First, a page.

The current age for smear tests in the UK is 25. The government argues that research into cervical cancer claims that it is rare to get the disease in women under 25. Out of 100 women diagnosed with cervical cancer, only 2 of those will be under 25. However, there are still cases where young women are diagnosed with cervical cancer, there are still abnormalities to look for.
They state that young women’s bodies go through a lot of changes and that abnormalities may often be found but they are usually harmless and will work themselves out. They state that any misdiagnosis can be harmful to young women’s bodies. But surely our doctors are more capable than this? If an abnormality is discovered, surely the first answer isn’t chemotherapy? Shouldn’t there be more tests available first? The age doesn’t necessarily have to be lowered to too young if they’re worried about growing bodies being a factor, but it was once at 20, so why raise to another 5 years?
I am not arguing with the research given. It is fair and well conducted. But there are many of us who believe that the age limit is too high. Here are just a few reasons why I, and many others, believe that the age of smear tests should be lowered.
1. What if you’re that 2 diagnosed?
There are still young women, under 25, who are diagnosed with cervical cancer. If you’re that 2 out of 100, are you to be neglected and ignored because you weren’t able to have a smear test? Are you to be left with symptoms growing more and more extreme until it’s too late? Even 2 is too many. The earlier it is caught, the more chance at survival. No woman should be neglected, no woman should be left to die because it was caught too late.
2. It would help raise awareness as well as detect cell changes. It opens a conversation.
Such a big movement would raise awareness in what we should consider ‘abnormal’. We know our own bodies but are sometimes too scared to ask. Lowering the age would give young girls the green light to be able to go to their doctor and discuss any changes. They don’t necessarily have to go as far as having a smear test if the doctor isn’t concerned, but it would make younger women feel more comfortable with going to ask. At the moment, the age of smear tests make it seem like we shouldn’t be worried or even care. It can make some women think that they are over-reacting, even though they are the ones who know their own bodies best. The fact that many are turned down for requesting smear tests for being too young is off-putting for those concerned. At least open up the conversation for us.
3. Some women are turned away for being too young.
There are many cases in the media where women have been turned down for being too young when they requested a smear test. Yet some were right, they were eventually diagnosed with cervical cancer and told that it was too late for them. I understand that a smear test may not necessarily be the first test doctors would like to use, but if a patient is still concerned, shouldn’t they listen to them? I even read how someone’s GP requested a smear test for their patient and were turned down because they were too young. A GP has cause for concern and is told no. Hopefully this was a rare case.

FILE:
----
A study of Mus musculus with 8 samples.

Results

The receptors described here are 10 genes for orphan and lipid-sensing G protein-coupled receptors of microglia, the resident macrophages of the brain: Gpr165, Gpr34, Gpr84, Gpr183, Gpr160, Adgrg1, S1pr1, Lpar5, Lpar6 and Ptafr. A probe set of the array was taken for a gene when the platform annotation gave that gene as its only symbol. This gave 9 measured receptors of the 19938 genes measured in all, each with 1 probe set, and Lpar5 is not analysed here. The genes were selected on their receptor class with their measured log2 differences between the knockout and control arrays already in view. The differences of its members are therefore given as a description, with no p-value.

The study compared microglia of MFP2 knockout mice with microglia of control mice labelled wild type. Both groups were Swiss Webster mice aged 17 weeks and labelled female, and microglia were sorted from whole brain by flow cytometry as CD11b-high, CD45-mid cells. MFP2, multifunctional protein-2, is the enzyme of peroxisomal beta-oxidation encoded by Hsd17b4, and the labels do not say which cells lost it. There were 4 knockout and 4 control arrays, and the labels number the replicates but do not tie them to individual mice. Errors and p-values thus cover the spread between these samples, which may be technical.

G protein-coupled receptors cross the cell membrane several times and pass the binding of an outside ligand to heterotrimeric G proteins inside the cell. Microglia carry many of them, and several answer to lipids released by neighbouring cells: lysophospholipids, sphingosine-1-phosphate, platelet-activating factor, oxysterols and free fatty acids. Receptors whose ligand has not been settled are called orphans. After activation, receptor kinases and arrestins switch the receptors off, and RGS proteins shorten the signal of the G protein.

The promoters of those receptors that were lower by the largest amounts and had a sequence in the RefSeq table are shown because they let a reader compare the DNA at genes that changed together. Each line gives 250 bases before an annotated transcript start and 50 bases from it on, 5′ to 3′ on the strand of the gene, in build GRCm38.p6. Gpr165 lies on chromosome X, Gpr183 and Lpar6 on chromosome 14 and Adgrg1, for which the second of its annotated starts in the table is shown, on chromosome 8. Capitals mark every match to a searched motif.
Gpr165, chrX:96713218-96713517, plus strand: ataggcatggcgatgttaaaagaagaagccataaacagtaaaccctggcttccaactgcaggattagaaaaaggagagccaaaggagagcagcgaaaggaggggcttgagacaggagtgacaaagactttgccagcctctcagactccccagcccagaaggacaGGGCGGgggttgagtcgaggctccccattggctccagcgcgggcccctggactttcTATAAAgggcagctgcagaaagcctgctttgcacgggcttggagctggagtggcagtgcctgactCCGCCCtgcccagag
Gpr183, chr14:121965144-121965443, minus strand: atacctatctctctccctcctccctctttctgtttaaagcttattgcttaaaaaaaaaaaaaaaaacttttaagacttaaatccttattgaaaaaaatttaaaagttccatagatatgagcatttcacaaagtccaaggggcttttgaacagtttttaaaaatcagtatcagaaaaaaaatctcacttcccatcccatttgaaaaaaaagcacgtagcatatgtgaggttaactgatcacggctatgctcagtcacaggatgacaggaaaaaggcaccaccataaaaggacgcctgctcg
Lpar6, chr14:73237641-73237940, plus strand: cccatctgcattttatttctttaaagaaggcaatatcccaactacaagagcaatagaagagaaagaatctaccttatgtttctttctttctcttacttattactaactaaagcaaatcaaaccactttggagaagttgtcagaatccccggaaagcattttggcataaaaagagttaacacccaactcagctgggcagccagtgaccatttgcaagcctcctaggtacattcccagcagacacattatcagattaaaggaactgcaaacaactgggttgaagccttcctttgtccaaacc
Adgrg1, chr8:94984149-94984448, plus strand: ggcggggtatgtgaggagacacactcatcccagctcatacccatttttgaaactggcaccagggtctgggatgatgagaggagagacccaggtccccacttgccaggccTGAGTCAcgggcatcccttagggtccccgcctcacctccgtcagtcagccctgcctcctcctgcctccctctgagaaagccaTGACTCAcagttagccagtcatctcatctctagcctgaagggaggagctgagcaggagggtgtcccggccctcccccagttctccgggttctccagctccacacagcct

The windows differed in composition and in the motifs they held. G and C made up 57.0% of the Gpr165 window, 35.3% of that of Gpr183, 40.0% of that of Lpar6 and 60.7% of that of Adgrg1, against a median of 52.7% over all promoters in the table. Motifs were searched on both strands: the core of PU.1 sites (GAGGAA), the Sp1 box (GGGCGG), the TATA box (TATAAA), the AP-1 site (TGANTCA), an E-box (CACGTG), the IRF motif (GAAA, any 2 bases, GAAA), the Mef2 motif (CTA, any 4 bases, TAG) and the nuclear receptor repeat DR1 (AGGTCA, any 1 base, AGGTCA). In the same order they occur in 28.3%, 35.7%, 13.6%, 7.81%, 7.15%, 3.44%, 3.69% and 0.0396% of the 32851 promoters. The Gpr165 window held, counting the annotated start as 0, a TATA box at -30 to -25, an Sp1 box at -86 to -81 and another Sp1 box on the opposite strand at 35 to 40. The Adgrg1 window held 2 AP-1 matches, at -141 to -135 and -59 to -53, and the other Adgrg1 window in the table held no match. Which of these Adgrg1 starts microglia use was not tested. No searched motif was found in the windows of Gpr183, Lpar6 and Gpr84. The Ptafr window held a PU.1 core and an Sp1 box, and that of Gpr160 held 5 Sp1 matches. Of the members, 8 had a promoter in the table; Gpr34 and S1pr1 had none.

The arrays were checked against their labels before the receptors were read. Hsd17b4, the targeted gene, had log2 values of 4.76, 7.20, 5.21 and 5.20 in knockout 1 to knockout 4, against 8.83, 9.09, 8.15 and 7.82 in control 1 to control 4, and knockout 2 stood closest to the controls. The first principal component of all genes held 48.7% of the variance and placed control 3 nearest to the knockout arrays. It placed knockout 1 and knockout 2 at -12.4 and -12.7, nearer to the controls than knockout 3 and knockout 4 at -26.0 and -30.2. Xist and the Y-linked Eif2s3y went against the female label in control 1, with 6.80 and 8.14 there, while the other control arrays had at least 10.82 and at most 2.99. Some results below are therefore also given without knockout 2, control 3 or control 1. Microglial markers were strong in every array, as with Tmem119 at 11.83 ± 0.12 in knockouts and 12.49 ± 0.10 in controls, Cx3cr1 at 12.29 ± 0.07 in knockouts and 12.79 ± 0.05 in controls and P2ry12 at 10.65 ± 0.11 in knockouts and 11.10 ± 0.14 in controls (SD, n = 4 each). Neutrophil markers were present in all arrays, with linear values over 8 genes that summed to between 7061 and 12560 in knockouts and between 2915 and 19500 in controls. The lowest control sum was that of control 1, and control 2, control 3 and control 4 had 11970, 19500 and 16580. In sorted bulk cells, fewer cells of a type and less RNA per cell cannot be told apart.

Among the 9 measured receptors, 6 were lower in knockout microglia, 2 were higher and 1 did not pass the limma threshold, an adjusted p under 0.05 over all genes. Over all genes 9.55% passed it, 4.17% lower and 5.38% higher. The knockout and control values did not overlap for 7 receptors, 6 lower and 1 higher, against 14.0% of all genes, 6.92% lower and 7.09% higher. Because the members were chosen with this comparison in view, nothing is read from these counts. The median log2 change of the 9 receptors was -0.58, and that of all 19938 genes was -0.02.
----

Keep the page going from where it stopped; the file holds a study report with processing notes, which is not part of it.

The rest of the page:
4. Cancer doesn’t care about age.
It may be rarer to be diagnosed under 25, but it does still happen. Women are diagnosed with cervical cancer at all ages. Cancer does not care about age, it is a disease and smear tests are meant to prevent it. They are meant to detect it early enough to give hope.
5. Women with family history shouldn’t have to ask to be seen. It should be offered.
I’ve mentioned that some women request smear tests but are turned down because they’re under 25. This is understandable to a certain extent; smear tests shouldn’t necessarily be their first option if they have concerns. They should discuss things with their doctor first and run smaller tests before anything else. But what about those who understand more than most? What about those with a family history of abnormal cells? What about those who keep having concerns that don’t disappear? Shouldn’t they be offered it at least? They have a greater chance of having abnormal cells and may understand the symptoms more than most if they’ve seen family members go through it. And if anyone has concerns that do not go away, their age shouldn’t be a factor in the decision to test.
6. Smear tests can catch abnormalities early and allows women a chance to become future mothers still.
Abnormalities don’t just cause cancer. Some women have it caught early enough to treat the cancer, but not early enough to save their chances at having children. Fertility can be greatly affected by the abnormal cells. Don’t take away a woman’s natural right to have children. Don’t take away a woman’s chance at being a mother.
7. It saves lives!
There’s nothing else to say for this point. Smear tests saves lives. Why is it even up for debate?
8. We’re asking for it, surely this shows how scared we are.
The age was once at 20 for smear tests to be done. So, it can work out. There are so many petitions to lower the age, but they are all ignored. There are many campaigns and yet still, our voices are waved away. We are scared. We see the chance at hope and yet nothing is done. If the age won’t be lowered then do something to tell us you’re listening. Teach these things in school, add learning about cancer and its symptoms to the curriculum. Surely something can be done if not this.